Local tree farm prepares for holiday season

Local News

With only one day until Thanksgiving, many people are already thinking about Christmas. And most families will be cutting down their Christmas trees this week.

One local tree farm says it’s been one of the hardest years yet.

Fontaine Glenn was live in the control room with more on Christmas tree preparations.

It’s about that time to go out and cut your Christmas trees. In Cranesville at Arkwright’s Tree & Wreath Farm, they have experienced some issues related to the pandemic, including staffing shortages.

Bill Arkwright started the tree farm about 35 years ago before him and his wife Denise added homemade wreaths to the business in 2013.

This year, they handmade about 1,500 wreaths, and are selling them here locally, even shipping them all over the U.S.

For the Christmas trees, Bill planted thousands of seedlings this year but he says he lost a large portion of them due to the rainy fall.

Each year, owners Bill and Denise Arkwright buy supplemental trees and try to stay local, but this year the prices have increased tremendously. One supplier even has a two year waiting list.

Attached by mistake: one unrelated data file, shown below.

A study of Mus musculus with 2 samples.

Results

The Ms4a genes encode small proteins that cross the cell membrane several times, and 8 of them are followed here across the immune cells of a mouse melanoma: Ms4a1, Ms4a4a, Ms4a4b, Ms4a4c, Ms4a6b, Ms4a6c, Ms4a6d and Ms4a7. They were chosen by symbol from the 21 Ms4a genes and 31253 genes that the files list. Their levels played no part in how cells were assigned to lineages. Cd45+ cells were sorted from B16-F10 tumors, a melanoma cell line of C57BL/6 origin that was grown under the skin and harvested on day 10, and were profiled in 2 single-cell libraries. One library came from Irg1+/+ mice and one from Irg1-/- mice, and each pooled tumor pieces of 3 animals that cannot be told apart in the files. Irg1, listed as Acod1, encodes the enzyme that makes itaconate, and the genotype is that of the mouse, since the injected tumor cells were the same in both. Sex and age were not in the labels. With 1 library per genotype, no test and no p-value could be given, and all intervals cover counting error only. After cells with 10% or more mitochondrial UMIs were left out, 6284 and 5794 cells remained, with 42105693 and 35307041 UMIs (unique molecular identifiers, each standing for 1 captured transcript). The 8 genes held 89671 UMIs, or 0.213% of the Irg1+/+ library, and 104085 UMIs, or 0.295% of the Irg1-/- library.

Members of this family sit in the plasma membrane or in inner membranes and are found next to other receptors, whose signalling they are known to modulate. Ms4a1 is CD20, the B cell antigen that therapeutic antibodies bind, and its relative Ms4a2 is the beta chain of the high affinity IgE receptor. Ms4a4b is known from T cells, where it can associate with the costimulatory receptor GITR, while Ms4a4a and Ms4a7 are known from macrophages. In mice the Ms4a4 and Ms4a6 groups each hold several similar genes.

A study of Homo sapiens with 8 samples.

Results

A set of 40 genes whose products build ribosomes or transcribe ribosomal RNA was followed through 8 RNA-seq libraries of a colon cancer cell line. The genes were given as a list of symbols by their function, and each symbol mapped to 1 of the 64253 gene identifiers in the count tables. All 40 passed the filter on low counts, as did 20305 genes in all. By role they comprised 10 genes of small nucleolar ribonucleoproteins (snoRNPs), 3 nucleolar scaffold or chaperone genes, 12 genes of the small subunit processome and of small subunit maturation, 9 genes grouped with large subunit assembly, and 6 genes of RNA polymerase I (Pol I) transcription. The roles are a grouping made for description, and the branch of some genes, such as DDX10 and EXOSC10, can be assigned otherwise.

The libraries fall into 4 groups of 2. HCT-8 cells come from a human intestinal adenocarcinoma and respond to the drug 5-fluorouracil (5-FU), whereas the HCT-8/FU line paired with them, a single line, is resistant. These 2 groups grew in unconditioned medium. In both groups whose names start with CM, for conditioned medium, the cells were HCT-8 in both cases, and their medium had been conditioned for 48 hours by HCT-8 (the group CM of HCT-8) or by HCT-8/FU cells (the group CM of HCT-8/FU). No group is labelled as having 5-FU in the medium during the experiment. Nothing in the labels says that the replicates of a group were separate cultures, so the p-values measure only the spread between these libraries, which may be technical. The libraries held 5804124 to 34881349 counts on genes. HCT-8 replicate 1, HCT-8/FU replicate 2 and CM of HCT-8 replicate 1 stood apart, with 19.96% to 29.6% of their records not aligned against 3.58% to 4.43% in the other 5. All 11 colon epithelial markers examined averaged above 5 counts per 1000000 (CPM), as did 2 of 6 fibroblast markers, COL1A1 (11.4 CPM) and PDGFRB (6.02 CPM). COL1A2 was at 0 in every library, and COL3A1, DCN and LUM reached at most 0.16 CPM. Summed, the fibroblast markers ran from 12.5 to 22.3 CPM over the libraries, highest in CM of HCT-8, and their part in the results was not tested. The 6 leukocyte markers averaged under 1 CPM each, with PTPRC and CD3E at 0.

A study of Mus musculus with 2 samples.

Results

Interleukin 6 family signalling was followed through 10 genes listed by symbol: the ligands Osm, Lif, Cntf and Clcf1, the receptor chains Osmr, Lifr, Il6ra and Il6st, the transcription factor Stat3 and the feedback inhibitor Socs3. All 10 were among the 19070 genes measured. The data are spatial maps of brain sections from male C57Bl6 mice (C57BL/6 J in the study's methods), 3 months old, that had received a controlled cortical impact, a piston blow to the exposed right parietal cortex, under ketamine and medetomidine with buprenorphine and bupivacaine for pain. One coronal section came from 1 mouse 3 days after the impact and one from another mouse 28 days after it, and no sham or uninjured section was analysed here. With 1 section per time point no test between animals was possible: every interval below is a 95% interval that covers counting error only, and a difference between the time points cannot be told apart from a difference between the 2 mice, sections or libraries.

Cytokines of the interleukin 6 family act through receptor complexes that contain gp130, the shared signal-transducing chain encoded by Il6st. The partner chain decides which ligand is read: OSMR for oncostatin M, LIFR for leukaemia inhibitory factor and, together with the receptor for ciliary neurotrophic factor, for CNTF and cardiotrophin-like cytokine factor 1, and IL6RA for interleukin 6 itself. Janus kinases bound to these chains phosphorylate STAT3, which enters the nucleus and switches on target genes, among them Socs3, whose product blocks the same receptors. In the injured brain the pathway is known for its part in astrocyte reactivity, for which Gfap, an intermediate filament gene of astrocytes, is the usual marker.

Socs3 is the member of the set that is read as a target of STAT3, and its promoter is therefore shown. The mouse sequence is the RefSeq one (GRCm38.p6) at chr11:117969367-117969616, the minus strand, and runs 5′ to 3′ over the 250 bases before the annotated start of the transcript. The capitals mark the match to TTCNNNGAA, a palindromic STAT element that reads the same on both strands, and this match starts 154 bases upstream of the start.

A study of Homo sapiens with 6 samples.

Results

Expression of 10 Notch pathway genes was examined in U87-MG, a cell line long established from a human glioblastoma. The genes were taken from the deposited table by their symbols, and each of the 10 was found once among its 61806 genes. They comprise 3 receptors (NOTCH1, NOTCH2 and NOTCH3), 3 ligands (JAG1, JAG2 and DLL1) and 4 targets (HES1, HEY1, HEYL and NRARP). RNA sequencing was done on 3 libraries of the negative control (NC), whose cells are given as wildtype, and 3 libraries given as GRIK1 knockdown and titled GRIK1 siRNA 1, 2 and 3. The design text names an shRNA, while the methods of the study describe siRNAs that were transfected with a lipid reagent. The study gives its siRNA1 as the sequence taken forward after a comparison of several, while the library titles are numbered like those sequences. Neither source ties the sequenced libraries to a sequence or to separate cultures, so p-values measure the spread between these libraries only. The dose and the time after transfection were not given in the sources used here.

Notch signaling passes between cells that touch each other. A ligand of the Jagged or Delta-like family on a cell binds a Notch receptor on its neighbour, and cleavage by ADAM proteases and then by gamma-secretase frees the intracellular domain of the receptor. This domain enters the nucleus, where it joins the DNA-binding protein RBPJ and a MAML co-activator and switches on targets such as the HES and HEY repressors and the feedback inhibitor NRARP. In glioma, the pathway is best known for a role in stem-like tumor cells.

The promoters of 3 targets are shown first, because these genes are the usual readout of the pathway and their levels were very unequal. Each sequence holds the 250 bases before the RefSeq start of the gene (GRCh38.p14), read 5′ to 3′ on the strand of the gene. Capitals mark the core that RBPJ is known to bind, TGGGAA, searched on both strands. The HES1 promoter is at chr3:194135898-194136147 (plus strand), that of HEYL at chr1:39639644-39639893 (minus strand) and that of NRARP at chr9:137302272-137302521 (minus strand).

“My main place that we buy our trees from, they’ve been so overwhelmed they’ve cut everybody’s orders probably 20%. I’m not big by any means compared to some of them, so the 20% kind of just went by the wayside,” said Denise & Bill Arkwright, owners.

Due to the difficulty of finding supplemental trees, the Arkwright’s purchased a tree farm from a retired grower near Edinboro.

In the next half hour, we will have more on how you can get your hands on a Christmas tree and a wreath from Arkwright’s.

“First year, I just hope that they take and grow. I don’t care if they grow much, I just want them to be able to stay green. And with all this rain, they were so moist it actually started to rot the roots out on the little ones in there,” said Denise & Bill Arkwright, owners.

Finding supplemental trees has been the most difficult. They bought a retired tree farm near Edinboro because the supply was so hard to find elsewhere in the state. 

“I’d like to get them local, but it’s beyond that now. I mean, you can drive anywhere in this country to find some if you can find them. It’s that challenging to get them. We’ve been looking since January to help supplement some of the ones we have,” said Denise & Bill Arkwright, owners.

Bill and Denise said they will have more than enough trees this year thanks to the supplemental trees from the Edinboro farm they bought.

Arkwright’s opens at 9 a.m. on Black Friday — plus the wreaths are available for custom orders.

For Denise and Bill, seeing families light up when they come pick their Christmas tree is something they look forward to every year.